This is the first post in my series on identity. For an explanation of why I think this is an important issue, see this brief introductory post.
We all struggle with identity, but the particular form that struggle takes is influenced by what we experience in our childhood and teen years. A telling of this part of my story necessarily includes some information that paints family life in a less than flattering light. I want to make it clear at the outset that I’ve no wish to implicate or dishonor my parents in this. They are neat people whom I love very much. They have their own stories with all the complexities that come with navigating life in a fallen world. And they too, have been touched and changed by God.
My purpose in offering this background is only to share my perspective and my responses as they relate to the shaping of my identity.
My parents loved each other they and loved and supported me. They were affirming and affectionate and built many good things into me—for which I am very thankful. However, no matter how many positive factors may be present, long-term exposure to the effects of alcohol-abuse and unhealthy relationships does not usually lend to emotional stability. For my part, I did not know from one day to the next if things would be okay at home (as they often were), or if I would meet with tension, depression, or conflict. Beginning with my pre-teen years, I responded to these factors with an increasing measure of shame and insecurity.
We lived in a fairly small town for a lot of my growing up. My friends, their parents, and others in the community knew about my family’s “problems”…and I was ashamed. I knew there was no such thing as a perfect family—but I’d spent time in other people’s homes—and their “not perfect” sure seemed different than my “not perfect.”
Though I was always provided for, money was often tight. Worried conversations over finances did not miss me. I fretted quietly about these things. I developed a spoiled, but real fixation with the inferiority of my wardrobe. I spent a great deal of energy trying to conceal what I felt was my quite obvious backwardness. My quiet, serious, and contemplative tendencies did not help matters either. These are not bad traits, but let me tell you—they are not celebrated in Jr High and High School. Comparison and inadequacy were my constant companions.
My parents were spiritual. I can’t (and won’t attempt to) summarize the content of their views—only what I observed. Eastern thought (especially yoga philosophy) was read and occasionally discussed at home, along with some of the teachings of Jesus. I paid very little attention to such things for the most part. I subconsciously adopted a very mystical approach to spirituality and a nirvana-ish view of heaven from the Eastern traditions. And as far as the Bible was concerned, I didn’t even know for sure if Jesus was an actual historical figure or just a myth. The little bit of narrative that I did pick up led me to believe that he was a wise teacher (a long time ago) and that the bad guys had killed him. The end.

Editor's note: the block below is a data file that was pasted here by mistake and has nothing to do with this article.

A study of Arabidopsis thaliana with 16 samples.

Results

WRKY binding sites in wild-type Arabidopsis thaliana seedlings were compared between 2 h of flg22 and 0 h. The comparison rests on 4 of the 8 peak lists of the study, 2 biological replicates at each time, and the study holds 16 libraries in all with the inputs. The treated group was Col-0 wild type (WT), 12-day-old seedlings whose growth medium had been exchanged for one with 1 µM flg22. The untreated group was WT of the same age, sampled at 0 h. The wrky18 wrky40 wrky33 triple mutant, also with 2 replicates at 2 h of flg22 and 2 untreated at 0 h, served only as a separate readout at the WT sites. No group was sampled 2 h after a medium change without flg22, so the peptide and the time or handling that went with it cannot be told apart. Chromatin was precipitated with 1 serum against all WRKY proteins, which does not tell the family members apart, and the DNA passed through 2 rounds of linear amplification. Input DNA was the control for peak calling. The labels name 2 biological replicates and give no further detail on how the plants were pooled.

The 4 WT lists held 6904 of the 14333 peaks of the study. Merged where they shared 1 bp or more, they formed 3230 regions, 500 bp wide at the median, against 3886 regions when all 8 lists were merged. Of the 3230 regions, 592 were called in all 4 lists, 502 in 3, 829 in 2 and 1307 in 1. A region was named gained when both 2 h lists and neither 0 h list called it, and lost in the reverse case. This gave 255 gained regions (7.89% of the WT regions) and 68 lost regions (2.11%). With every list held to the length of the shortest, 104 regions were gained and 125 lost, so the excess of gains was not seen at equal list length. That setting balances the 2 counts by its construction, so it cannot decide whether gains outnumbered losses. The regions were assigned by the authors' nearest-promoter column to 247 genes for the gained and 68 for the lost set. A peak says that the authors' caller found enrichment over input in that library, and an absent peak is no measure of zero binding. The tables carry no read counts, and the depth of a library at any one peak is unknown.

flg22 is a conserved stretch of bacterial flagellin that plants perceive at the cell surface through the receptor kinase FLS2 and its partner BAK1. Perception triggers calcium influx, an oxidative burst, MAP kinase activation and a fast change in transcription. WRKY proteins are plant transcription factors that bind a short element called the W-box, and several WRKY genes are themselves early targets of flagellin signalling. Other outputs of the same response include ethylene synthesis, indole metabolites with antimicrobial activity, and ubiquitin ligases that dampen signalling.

I did inherit from my parents a deep conviction that this world was no accident—that the intricacies of nature demanded the verdict of intelligent design. This would later prove to be of great benefit to me. At the time, however, I only felt sure there was some sort of divine, omniscient sovereign who was aware of me (even if disinterestedly) at all times. I did not know whether this was a loving and personal God, or a cold creative force, but I was quite certain that I was not a favorite of this being. I had no idea of the standard, but knew that I fell far short.
To summarize: In spite of parental affirmations that I was smart, pretty, valuable, etc., my ability to develop a positive sense of identity through family was somewhat compromised by other factors. Later attempts to define and validate myself through interests, accomplishments, and peer relationships were equally unsatisfying. My spirituality offered me no sense of personal meaning or purpose. Something inside told me that I had beauty and value, but much of my experience screamed that I was inferior and insignificant. This was the beginning of a long and desperate quest to discover who I was and what made me worthwhile.
That’s a little background. In the next installment I plan to discuss some major life changes that ultimately redirected my search for identity down a theological path.